The Visa for Music gathering, now in its third year in Rabat, Morocco, brings music professionals together from Africa and the Middle East with market development in mind. The event includes professional training and music production, artist management and international marketing workshops.
The international fair exists because of official conviction that behind creativity there must also be a well-organised music industry and infrastructure.
“It was essential for us here in Morocco to strengthen the show biz industry and also to boost the key industries like production and distribution companies. The state can certainly encourage musical creativity but this is useless when there is no distribution to the largest possible audience,” says Morocco’s Minister of Culture Mohamed Amine Sbihi.
Almost 50 bands performed during the 4-day-event, like panafrican reggae band “Africa United” with members from Morocco, Ivory Coast, Congo and Comoros. The band, founded 10 years ago by Comoran Fahad Faisoil, is based in Rabat.
“I am here at the Visa For Music Fair so I can find contacts or anything else for our career and we can play abroad,” he says.
A lot of music festival directors come here to scout for musicians. Billy Domingo is the director of Africa’s biggest jazz festival, Cape Town Jazz. Last year was his first visit here.
“I took back two artists from Visa For Music and they showcased at the Cape Town Jazz Festival, For the first time I had Hicham Telmoudi, the violonist. who killed, they loved him, and now I am booking him with Deepak Pandit, one of India’s greatest violinists, in India.
Two violinists playing together and I brought the other one that you liked, Istanbul Session that was way out, I thought it was. The crowd loved him and that’s why I’m back here again to look for some more talents,” said Domingo.
Carlos Lopes is from Cape Verde and based in Paris. He played a showcase concert brimming with the West African archipelago’s joyful sounds, the singer-songwriter only needing a few tunes to get the crowd jumping when he performed at the Mohamed Vth theater. His manager was quite pleased the next day.
“We made very good contacts with music programmers, they liked the show and we already have some dates in Switzerland and maybe in Mexico, so you see, things are happening,” said music agent and producer Robert Dray.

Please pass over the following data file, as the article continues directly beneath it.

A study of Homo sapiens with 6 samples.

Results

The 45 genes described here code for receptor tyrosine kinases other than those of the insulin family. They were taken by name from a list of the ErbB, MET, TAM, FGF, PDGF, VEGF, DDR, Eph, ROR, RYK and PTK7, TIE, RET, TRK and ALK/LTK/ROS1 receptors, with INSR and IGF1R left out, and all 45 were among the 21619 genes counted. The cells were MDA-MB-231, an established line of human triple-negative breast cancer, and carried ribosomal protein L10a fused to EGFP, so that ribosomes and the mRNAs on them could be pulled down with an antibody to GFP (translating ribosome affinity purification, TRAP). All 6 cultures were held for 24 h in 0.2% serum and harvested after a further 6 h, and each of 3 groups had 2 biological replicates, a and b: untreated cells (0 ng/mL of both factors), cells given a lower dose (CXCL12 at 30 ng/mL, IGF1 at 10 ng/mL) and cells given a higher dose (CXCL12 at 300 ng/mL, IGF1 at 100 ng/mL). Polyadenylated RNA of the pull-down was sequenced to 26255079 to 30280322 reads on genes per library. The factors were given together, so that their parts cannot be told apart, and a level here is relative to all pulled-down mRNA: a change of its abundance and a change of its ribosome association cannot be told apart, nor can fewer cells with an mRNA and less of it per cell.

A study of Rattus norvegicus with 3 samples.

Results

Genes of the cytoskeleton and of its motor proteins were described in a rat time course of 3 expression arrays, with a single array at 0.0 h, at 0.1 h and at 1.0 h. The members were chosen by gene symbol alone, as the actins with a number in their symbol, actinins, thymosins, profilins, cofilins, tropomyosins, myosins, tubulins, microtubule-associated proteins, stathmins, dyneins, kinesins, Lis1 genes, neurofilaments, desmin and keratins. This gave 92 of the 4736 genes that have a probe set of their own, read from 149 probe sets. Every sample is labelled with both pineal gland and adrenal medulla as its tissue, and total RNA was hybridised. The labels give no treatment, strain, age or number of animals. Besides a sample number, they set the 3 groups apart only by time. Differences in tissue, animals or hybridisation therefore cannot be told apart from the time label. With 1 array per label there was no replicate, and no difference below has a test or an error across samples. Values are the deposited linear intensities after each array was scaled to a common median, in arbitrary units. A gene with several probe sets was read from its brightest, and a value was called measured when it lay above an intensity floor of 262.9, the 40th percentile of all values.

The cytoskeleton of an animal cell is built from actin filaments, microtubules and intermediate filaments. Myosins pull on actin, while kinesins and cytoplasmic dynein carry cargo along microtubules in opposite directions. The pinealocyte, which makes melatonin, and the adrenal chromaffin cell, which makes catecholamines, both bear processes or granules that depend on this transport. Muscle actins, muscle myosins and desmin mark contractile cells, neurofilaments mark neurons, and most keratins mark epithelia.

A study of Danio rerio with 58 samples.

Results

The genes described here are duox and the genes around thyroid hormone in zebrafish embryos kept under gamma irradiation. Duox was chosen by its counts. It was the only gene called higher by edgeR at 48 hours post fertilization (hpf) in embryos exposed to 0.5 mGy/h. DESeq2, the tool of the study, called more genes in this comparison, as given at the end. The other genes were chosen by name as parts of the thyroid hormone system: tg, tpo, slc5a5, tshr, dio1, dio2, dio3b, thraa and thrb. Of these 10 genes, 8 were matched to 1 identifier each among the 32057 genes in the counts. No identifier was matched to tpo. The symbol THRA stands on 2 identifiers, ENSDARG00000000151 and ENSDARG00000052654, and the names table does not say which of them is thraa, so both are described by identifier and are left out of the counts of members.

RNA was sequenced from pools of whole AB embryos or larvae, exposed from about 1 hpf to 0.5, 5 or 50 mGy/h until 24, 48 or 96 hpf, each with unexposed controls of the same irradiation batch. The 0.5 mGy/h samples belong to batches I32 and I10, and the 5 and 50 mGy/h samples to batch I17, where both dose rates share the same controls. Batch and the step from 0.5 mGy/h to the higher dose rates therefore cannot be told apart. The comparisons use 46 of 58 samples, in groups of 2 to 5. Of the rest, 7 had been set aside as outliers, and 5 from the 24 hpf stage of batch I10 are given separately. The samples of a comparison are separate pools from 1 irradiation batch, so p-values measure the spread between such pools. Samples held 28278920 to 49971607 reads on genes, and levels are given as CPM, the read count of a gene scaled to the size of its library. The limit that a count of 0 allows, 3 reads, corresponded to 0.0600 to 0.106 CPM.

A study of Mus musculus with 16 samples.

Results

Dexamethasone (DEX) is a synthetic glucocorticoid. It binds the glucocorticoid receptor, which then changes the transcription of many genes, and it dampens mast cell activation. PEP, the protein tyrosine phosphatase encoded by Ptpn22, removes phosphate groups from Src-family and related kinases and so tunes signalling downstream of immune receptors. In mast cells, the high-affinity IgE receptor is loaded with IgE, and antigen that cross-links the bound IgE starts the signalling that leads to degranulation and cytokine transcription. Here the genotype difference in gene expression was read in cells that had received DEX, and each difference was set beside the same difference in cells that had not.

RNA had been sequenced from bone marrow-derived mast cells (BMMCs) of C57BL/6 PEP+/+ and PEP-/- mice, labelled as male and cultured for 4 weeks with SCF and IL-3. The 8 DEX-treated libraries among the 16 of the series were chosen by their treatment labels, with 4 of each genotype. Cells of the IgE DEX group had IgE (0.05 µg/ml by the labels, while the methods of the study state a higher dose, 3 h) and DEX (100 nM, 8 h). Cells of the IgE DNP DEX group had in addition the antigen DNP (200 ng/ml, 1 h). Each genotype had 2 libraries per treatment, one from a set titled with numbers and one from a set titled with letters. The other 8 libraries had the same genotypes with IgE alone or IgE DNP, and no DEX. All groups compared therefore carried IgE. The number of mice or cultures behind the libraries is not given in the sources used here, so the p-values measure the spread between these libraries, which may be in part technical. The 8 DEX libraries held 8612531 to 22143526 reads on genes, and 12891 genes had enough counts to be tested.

Punk rock and electro meets the sounds of the Western Sahara. Doueh has a family of musicians for over 70 years at its heart. Guitar hero Bamaar Salmou is a Jimmy Hendrix fan. They invited French punkers Cheveu from Bordeaux to Dakhla in the Western Sahara to work together. The result is an amazing album they presented here.
Maria Semuchkina is director of one of the most important jazz festivals in Moscow. Her trip to the Visa for Music fair was her first time in Africa.
“I have never seen musicians who are hot and open-minded to such an extent. And those African rythmns, all that we lack a lot in Russia – of course its a completely different culture but if we mix it, (Russian / African), something really extraordinary could be born,” she says.
Also in Rabat were JadaL from Jordan presenting their newest album of Arabic Rock. JadaL means ‘controversy’ in English and Amman’s bad boys are one of Jordan’s most popular independent bands.
Jbara is one of Morocco’s most established rock musicians who has already performed in many countries. This is the third time the Agadir-based composer and multi-instrumentalist has been here.
“This year’s fair was great, I launched five collaborations and we will produce five albums. I also booked festivals in Lithuania, Germany and in Africa,” says Jbara.
“Here at Visa for Music, the professionals from the music industry are able to discover talents who would not have the budget to showcase their skills at the big established music fairs. Some artists have been successful and are already booked at the international music festivals,” says euronews’ cultural reporter Wolfgang Spindler.